Peter di Porca was born, sometime around 790, to a noble Roman family. He had at least one brother, Benedict. Orphaned at age 12, Pope Leo III placed him in the schola cantorum, the best school in Rome. There he did well and he joined the Church as an acolyte. Stephen IV/V raised him to a sub-deacon. Pope Paschal ordained him a cardinal-priest and bestowed the pastorship of the Church of Sts. Martin and Sylvester on Peter. He became an archpriest under Gregory IV.
Pope Gregory IV died on January 25, 844. Within hours, the general public were hailing a deacon named John as the new pope. He had no links to the nobility but the people wanted him. A mob seized the Lateran Palace and enthroned him as Pope John VIII. The nobles had chosen Peter and would not accept the pope of the people. They broke into the Lateran, ejected John from the throne and crushed the opposition. They wanted to kill the one-day old pope but Peter wanted to save him and had him confined to a monastery. The rest of John’s life is lost to the annals of history. The whole episode took two days.
When Peter was to be enthroned, he refused to use his own name. He would be Peter II and he did not think himself worthy of taking the Apostle’s name. Ever since his decision, enthroned popes have taken a new name. He took the name of Sergius II. There was not enough time to contact Emperor Lothair before the consecration. When the emperor was informed, he was furious. Not asking permission was against the Constitutio Romana of 824. Lothair sent his son, Louis, the Viceroy of Italy, with an army to reestablish his authority. Sergio, crippled with gout though he was, went out to meet the viceroy and calmed him before allowing him into the city. Part of the bargain included making the Emperor’s advisor, Drago, the papal legate to France and Germany and taking the oath of fealty to the Emperor, but not expecting the people of Rome to do so. Louis alone was allowed into the city where, on June 15, 844, he was crowned co-emperor and king of the Lombards at St. Peter’s Basilica. This is the same place that his great grandfather was crowned emperor in 800.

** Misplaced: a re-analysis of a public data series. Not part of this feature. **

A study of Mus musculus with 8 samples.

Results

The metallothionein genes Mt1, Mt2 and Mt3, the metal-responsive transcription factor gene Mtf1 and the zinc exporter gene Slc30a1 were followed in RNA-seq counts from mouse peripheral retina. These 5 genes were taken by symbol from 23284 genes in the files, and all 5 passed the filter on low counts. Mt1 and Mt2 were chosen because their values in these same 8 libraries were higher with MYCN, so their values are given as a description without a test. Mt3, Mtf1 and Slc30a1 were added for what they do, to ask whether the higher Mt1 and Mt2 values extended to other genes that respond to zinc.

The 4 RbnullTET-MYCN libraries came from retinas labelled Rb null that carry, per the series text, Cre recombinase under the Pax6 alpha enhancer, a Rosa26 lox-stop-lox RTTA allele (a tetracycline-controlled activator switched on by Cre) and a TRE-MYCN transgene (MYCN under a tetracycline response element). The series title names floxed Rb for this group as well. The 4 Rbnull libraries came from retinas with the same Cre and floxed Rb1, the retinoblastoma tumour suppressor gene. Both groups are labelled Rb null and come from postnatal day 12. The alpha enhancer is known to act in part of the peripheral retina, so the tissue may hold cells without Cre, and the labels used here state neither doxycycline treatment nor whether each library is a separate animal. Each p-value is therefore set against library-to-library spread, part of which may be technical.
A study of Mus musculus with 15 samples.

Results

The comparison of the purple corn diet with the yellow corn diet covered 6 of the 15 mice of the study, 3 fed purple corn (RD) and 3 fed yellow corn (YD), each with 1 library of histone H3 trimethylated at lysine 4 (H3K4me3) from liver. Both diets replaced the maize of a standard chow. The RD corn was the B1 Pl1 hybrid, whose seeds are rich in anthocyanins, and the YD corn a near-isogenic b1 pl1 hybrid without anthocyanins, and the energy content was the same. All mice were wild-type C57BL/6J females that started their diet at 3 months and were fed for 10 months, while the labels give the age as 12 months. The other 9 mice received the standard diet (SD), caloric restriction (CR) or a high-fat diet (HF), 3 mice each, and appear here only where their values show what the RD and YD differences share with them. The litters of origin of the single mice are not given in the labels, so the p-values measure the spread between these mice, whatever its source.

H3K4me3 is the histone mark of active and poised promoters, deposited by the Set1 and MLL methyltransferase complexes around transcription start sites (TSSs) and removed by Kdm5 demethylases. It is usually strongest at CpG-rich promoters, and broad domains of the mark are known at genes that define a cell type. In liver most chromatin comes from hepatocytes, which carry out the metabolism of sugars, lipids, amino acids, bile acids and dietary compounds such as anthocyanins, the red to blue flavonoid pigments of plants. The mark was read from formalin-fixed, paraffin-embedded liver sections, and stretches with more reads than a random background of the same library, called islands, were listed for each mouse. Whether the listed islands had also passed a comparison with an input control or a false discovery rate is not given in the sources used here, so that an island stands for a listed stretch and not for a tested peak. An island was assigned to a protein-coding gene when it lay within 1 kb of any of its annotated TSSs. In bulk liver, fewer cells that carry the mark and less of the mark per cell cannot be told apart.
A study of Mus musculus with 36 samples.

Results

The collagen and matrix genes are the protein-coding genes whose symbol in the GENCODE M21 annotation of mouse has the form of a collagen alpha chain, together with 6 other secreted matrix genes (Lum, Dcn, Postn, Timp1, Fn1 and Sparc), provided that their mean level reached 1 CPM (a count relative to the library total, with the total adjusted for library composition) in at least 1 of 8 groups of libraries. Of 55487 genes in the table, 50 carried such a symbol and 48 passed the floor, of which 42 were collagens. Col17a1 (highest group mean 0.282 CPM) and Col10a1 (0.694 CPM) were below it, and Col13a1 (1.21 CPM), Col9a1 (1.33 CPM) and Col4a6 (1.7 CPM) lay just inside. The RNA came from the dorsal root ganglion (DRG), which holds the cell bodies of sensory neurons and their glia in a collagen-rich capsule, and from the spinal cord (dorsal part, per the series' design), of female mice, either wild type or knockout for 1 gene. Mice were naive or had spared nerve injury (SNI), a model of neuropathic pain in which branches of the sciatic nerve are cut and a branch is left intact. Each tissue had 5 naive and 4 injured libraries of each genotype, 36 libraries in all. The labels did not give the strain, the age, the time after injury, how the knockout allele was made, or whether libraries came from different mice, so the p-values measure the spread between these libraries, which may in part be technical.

Sergius went on a building spree with his brother, Benedict. They improved churches and aqueducts. They improved the Lateran Basilica and rebuilt his old schola cantorum. To get the funds for these projects, they sold appointments to various Church positions to the highest bidder. This was the serious beginning of simony. Some entries into history say that Sergius was really too sick to govern the Church and abandoned rule to some less scrupulous sorts. Others say he was somewhat cantankerous and may have just decided to do what he is charged with.
During the reign of Pope Gregory, the seaport of Ostia was improved due to rumors of the imminent attacks of the Saracens, the Muslim army. Sergius was well aware of these rumors and the rebuilding of Ostia’s port. Yet, when the attacks came, in the summer of 846, Rome was woefully unprepared. Once the enemy had attacked Ostia and Portus, they marched on Rome, itself. The strong Aurelian walls no longer encompassed the whole of the city. The basilica of St. Peter’s and the church of St. Paul were outside the walls. Sergius and the Roman population watched as the enemy ravaged the outskirts of the city, sacked the two big churches and made off with three tons of gold and 30 tons of silver. Luckily, King Louis and his army arrived before the city could be overrun.
This turned out to be the last fall for Sergius. His next project was to make peace between the patriarchs of Grado and Aquileia. He died, suddenly, in the midst of negotiations on January 27, 847, having ruled almost exactly three years.
Pope Sergius was buried at St. Peter’s Basilica.